A New Variorum Edition of Shakespeare: The tragedie of Ivlivs Cćsar. 1913

"As editor of the "New Variorum" editions of Shakespeare—also called the "Furness Variorum"—he collected in a single source 300 years of references, antecedent works, influences and commentaries. He devoted more than forty years to the series, completing the annotation of sixteen plays. His son, Horace Howard Furness, Jr. (1865–1930), joined as co-editor of the Variorum's later volumes, and continued the project after the father's death, annotating three additional plays and revising two others."--Wikipedia

Página 286 - I'd have you buy and sell so ; so give alms ; Pray so ; and, for the ordering your affairs, To sing them too. When you do dance, I wish you A wave o' the sea, that you might ever do Nothing but that...
Página 117 - tis not to come ; if it be not to come, it will be now ; if it be not now, yet it will come : the readiness is all.
Página 409 - tis a common proof, That lowliness is young ambition's ladder, Whereto the climber-upward turns his face; But when he once attains the upmost round, He then unto the ladder turns his back, Looks in the clouds, scorning the base degrees By which he did ascend: so Caesar may; Then, lest he may, prevent.
Página 404 - Caesar loved him. This was the most unkindest cut of all ; For when the noble Caesar saw him stab, Ingratitude, more strong than traitors...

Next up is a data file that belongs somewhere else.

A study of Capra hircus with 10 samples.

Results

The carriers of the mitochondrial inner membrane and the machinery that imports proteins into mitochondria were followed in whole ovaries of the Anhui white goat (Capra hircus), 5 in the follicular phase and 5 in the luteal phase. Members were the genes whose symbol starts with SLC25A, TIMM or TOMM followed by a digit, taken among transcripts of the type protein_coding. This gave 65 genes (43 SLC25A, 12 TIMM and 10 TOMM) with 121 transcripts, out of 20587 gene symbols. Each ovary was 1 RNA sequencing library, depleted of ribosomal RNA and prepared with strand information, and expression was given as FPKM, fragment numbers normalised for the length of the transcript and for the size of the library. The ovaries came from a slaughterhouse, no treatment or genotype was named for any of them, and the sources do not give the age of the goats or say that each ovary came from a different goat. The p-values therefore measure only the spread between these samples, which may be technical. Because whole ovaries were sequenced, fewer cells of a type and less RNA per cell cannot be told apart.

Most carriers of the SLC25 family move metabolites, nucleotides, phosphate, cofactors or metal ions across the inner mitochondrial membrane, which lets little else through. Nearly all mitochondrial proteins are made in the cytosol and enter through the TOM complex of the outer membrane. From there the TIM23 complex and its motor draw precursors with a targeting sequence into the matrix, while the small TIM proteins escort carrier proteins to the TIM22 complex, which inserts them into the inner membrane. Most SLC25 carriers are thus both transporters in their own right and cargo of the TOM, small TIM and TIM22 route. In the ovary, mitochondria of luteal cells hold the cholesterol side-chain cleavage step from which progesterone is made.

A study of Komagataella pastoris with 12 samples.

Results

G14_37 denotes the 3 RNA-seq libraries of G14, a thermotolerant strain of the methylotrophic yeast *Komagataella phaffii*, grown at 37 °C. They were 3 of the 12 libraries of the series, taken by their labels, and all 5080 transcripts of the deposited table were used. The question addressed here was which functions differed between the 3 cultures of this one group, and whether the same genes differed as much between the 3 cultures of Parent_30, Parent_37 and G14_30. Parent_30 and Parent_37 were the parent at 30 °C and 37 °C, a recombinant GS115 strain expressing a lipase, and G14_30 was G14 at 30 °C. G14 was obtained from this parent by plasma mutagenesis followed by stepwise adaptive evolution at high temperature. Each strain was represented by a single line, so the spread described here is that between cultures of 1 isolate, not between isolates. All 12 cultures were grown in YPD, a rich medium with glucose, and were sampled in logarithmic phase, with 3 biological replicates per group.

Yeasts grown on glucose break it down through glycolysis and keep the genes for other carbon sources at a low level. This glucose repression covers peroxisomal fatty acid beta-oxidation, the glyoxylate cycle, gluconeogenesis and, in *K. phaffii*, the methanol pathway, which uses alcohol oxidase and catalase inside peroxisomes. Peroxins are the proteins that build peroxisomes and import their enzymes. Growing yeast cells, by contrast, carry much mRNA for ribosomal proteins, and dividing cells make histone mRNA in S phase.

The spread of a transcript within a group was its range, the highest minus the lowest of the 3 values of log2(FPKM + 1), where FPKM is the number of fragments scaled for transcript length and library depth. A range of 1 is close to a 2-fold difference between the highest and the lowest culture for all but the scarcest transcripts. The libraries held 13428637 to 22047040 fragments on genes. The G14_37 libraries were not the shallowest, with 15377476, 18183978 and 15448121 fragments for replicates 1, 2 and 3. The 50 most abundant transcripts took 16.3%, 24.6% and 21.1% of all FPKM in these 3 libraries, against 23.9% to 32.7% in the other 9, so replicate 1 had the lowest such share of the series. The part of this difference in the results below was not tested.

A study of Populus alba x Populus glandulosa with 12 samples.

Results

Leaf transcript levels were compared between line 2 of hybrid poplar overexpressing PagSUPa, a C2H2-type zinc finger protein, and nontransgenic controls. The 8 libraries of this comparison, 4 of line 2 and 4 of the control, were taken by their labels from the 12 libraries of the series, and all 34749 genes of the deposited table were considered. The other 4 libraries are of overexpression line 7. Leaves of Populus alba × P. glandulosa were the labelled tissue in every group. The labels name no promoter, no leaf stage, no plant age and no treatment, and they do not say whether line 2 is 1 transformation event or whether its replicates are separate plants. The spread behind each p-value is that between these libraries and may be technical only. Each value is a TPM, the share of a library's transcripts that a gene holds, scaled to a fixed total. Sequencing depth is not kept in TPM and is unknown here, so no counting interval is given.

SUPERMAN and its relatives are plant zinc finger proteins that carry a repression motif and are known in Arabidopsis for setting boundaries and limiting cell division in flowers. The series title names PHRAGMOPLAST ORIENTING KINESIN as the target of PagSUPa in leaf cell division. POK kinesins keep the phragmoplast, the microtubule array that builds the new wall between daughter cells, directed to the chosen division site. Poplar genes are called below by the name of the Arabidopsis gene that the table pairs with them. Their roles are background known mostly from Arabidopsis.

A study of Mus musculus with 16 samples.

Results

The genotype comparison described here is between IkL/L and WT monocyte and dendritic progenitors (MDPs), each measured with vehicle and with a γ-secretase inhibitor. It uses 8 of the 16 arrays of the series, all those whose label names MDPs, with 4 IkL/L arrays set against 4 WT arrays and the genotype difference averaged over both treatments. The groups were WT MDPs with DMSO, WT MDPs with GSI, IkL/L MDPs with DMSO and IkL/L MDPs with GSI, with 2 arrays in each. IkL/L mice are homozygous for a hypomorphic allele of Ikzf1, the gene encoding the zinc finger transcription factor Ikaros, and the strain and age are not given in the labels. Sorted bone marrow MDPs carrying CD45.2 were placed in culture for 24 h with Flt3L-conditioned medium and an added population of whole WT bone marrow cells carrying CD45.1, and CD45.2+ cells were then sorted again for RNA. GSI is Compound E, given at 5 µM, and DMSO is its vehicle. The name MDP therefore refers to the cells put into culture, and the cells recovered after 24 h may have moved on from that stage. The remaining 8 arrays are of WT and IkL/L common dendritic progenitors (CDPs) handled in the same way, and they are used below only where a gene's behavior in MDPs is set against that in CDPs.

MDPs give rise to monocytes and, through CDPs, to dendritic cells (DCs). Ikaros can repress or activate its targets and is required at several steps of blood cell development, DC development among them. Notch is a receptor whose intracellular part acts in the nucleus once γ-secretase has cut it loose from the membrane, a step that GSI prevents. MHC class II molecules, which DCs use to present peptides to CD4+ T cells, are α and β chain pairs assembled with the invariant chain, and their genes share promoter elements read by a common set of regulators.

Página 271 - Ye both know me, and ye know whence I am: and I am not come of myself, but he that sent me is true, whom ye know not. 29 But I know him: for I am from him, and he hath sent me. 30 Then they sought to take him: but no man laid hands on him, because his hour was not yet come.
Página 411 - Here comes his body, mourned by Mark Antony: who, though he had no hand in his death , shall receive the benefit of his dying, a place in the commonwealth ; As which of you shall not ? With this I depart ; That, as I slew my bes't lover" for the good of Rome, I have the same dagger for myself, when it shall please my country to need my death.
Página 288 - Sufflaminandus erat, as Augustus said of Haterius. His wit was in his own power, would the rule of it had been so too. Many times he fell into those things, could not escape laughter: as when he said in the person of Caesar, one speaking to him, 'Caesar, thou dost me wrong.
Página 153 - Laertes' head. And these few precepts in thy memory See thou character. Give thy thoughts no tongue, Nor any unproportion'd thought his act. Be thou familiar, but by no means vulgar. The friends thou hast, and their adoption tried, Grapple them to thy soul with hoops of steel ; But do not dull thy palm with entertainment Of each new-hatch'd, unfledg'd comrade.
Página 82 - I am settled, and bend up Each corporal agent to this terrible feat. Away, and mock the time with fairest show : False face must hide what the false heart doth know.